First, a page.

Workload agreement 'vexes heads'
The agreement takes admin tasks out of teachers' hands
Senior school staff think their biggest task this year will be altering the way teachers work, a survey says.

Nearly six in 10 cited the government's "workload agreement" as their main concern, England's National College for School Leadership found.

The agreement puts tasks like reading the register and photocopying into the hands of classroom assistants.

"Personalising the curriculum" was the next most common priority, worrying 17% of the 838 senior staff polled.

'Tight timescales'

The National Union of Teachers says the workload agreement, signed in 2003 by the other major staff organisations, could lead to the profession being undermined.

It fears classroom assistants taking over more and more of the role of qualified teachers.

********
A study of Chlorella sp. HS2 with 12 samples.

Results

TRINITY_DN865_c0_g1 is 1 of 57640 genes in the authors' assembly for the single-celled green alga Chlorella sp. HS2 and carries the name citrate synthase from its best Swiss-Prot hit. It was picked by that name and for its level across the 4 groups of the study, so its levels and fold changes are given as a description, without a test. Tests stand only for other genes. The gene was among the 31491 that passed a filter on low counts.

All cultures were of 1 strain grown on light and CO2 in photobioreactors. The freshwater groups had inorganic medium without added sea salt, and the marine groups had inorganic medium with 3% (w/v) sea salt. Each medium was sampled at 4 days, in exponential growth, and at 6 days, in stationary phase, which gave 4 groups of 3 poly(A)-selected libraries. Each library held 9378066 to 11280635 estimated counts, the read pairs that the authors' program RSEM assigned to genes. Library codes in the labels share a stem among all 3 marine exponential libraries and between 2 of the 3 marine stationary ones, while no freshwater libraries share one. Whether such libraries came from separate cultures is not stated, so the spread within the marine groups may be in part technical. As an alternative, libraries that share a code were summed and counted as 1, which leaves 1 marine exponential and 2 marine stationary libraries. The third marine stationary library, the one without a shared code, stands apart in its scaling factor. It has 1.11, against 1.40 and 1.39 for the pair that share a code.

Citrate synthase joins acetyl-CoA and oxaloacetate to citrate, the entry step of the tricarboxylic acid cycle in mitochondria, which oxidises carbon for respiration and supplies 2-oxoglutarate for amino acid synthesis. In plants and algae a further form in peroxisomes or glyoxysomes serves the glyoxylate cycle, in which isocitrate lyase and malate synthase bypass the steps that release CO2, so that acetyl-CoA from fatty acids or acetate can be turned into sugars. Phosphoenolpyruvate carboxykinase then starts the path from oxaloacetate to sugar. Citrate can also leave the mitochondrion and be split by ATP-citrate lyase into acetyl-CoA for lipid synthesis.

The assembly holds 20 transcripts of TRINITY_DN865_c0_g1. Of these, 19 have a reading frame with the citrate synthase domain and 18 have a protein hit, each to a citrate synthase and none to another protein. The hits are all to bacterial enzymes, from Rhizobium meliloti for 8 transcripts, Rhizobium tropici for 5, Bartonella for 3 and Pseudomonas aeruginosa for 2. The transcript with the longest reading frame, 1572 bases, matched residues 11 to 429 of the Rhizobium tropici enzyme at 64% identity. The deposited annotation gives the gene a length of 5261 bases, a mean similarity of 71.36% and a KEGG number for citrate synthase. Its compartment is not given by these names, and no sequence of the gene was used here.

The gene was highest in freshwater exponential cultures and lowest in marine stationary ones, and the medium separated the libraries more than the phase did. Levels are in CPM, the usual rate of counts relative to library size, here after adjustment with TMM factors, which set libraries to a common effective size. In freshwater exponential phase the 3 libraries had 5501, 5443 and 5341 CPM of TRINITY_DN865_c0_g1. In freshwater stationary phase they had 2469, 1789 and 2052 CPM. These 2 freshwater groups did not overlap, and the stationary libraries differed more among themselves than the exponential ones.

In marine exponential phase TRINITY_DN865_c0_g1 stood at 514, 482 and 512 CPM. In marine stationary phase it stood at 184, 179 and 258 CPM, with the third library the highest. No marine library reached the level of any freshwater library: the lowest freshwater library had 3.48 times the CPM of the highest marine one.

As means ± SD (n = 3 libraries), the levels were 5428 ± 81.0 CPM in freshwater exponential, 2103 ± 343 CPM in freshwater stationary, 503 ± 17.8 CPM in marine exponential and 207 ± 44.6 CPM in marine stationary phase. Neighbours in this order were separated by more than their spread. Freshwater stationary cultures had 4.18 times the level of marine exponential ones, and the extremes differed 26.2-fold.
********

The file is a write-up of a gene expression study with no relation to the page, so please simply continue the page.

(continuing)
However, the NCSL backs the changes.

Chief executive Geoff Southworth said: "It's really good, and perhaps not surprising, to find remodelling is such an important issue for heads.

"It's a key element of the drive to raise standards and it's also a tough business. Schools are working to tight timescales and every member of staff is affected."

"Inclusion and behaviour" ranked third in the issues of concern, at 10%.

Meanwhile, "inspection and performance measures", "extended schooling and community relations" and "closing the achievement gap" between pupils all scored 5%.

The NCSL provides training for senior staff including heads, deputy heads, heads of departments and heads of year.